From early on, we find success by developing a strong work ethic. Some of us come by it naturally, while others learn the value of working hard and doing the best job they can do.
I realized that discipline brought great rewards, both musically and academically. When I failed to work my hardest, I saw my production fall to embarrassingly low levels. My goal remains the same: Work hard, and achieve the best.
Raising children with a chronic illness in my house calls for a different approach to instilling a strong work ethic in their lives. It is different because we must move around various issues regarding hemophilia.
One such point regards my oldest son, MacDonald the Older. He is a musician and currently enrolled in a musical theater program in college. Part of his issues include injuries sustained from taking a required dance class for his major. He does well and then suffers a soft tissue or muscle bleed, and it limits his ability to participate in the class.
My first reaction is to encourage him to try harder, but this is not what he needs to hear. He is trying the best he can. His problem is not about pushing on to improve his skills, but taking the time to address his medical needs. Somehow, his work ethic must take into consideration both his drive and his bleeding disorder. The measurement of success must include how he treats and manages a bleed, plus how he improves by practicing his craft.
My son is entirely devoted to his craft. He is an incredible singer (I know I am prejudiced) and hopes to fulfill a lifelong dream by singing on Broadway one day. He must find a way to protect his joints and muscles from the harsh realities of constant abuse. His work ethic must include his treatment, while many others do not address health concerns of this nature. Part of my son’s success must consist of the care and treatment of his body in addition to practicing his craft.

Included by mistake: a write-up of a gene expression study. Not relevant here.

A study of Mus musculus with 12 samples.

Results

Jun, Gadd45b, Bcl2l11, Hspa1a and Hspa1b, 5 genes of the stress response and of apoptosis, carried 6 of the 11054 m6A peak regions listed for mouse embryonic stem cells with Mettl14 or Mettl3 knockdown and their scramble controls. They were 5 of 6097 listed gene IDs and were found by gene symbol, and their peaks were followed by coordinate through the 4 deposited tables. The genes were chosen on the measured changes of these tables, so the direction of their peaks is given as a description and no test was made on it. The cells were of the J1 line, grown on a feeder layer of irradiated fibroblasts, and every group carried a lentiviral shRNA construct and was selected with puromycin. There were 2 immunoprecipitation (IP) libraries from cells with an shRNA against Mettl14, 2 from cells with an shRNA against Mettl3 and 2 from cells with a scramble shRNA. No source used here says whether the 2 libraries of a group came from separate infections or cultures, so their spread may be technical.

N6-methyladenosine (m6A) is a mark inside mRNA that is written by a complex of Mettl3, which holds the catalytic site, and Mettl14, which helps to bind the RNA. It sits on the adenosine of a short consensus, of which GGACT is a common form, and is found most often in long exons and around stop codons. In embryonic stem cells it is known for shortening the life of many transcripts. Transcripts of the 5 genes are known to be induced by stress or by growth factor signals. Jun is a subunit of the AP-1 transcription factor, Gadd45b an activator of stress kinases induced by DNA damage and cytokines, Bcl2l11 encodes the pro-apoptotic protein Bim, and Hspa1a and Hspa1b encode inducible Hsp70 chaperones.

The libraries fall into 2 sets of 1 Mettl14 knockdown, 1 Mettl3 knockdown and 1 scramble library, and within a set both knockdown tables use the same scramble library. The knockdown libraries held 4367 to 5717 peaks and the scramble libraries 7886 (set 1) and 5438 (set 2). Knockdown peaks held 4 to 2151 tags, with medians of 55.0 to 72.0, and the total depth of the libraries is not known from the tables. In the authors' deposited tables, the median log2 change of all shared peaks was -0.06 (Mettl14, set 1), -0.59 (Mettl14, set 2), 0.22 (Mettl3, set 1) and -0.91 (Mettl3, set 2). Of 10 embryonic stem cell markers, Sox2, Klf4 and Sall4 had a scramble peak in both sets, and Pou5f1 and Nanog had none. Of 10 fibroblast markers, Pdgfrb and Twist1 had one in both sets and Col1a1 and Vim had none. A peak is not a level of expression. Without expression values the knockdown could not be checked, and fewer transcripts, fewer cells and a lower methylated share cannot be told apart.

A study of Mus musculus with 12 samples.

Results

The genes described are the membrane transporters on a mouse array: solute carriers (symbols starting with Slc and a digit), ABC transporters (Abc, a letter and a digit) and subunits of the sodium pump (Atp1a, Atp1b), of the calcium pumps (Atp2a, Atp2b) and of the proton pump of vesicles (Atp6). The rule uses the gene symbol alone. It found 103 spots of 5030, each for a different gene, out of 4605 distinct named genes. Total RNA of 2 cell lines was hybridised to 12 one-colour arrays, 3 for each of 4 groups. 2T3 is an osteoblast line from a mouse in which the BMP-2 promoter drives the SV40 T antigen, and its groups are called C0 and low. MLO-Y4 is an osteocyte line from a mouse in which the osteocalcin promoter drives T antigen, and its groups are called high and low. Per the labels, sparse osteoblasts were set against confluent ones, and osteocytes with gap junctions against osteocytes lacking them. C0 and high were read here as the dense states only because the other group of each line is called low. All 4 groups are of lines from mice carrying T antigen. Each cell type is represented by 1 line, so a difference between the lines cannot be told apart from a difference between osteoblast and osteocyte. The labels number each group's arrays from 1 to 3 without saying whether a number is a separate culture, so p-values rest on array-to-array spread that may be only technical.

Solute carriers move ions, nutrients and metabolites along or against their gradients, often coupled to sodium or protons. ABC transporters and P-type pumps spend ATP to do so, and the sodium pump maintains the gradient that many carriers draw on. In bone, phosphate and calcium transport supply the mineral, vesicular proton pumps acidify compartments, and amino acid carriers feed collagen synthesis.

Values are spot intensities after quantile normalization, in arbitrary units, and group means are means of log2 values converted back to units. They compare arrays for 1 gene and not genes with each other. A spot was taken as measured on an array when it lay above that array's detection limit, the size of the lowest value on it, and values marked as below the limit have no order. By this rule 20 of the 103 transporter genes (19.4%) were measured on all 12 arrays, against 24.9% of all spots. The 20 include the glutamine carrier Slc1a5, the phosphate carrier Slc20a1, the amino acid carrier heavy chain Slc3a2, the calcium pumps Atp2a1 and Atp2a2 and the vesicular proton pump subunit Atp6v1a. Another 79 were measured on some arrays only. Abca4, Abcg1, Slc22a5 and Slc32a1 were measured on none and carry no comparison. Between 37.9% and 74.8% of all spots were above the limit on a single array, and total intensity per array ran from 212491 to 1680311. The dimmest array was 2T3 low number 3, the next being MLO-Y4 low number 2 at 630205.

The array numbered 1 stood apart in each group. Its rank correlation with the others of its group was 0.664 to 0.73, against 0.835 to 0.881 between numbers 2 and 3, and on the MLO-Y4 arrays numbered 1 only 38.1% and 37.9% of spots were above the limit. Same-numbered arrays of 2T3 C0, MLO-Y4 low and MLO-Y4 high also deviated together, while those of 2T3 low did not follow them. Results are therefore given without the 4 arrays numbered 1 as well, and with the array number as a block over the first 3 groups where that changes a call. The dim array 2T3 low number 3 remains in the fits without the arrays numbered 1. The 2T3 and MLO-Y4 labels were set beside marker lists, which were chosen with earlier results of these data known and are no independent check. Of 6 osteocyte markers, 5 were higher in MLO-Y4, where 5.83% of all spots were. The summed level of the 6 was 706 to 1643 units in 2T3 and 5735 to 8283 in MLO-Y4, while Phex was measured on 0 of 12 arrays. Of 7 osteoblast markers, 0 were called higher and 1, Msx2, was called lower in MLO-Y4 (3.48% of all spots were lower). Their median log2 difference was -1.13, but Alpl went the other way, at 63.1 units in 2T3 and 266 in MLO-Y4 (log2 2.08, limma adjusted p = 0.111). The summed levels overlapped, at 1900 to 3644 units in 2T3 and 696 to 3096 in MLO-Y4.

MacDonald the Younger learned a valuable lesson while playing the trumpet in the marching band at his school. One day, he called me at practice and asked me to pick him up. The chronic pain in a target joint that previously required numerous hospitalizations to treat left him unable to keep up with his friends in the line. No matter how he tried, he could not fulfill the requirements of maintaining his space in line.
To help him, I talked with his band director, who suggested my son play in the pit band. It does not require walking quickly and irritating his joints. He learned to maintain his desire to work at a high level while paying attention to the needs of his body.
We want our children to thrive and live with the benefits of the fruit of their labor. Throwing a chronic illness into the mix changes our approach to helping them maintain a sense of achievement. In our home, we try to include hemophilia in our decisions concerning risks and strategies to help our boys celebrate their successes. We try to help plan different ways to achieve goals while taking into consideration their health needs. Hopefully, our sons take a holistic approach in considering their next objectives.
My goal is to empower the mighty men entrusted to my care that they can achieve almost anything to which they set their minds. They must plan and decide the best way forward by taking their bodies into account. If we start them young by developing healthy and vital road maps to achievement, they may discover the best they can give to the world. Their lives do not have to be defined by hemophilia, but must include essential health and safety awareness.
The world is full of incredible possibilities. Let us help our loved ones build lives that overcome obstacles and produce the very best of what they give.
Note: Hemophilia News Today is strictly a news and information website about the disease. It does not provide medical advice, diagnosis, or treatment. This content is not intended to be a substitute for professional medical advice, diagnosis, or treatment. Always seek the advice of your physician or another qualified health provider with any questions you may have regarding a medical condition. Never disregard professional medical advice or delay in seeking it because of something you have read on this website. The opinions expressed in this column are not those of Hemophilia News Today or its parent company, BioNews Services, and are intended to spark discussion about issues pertaining to hemophilia.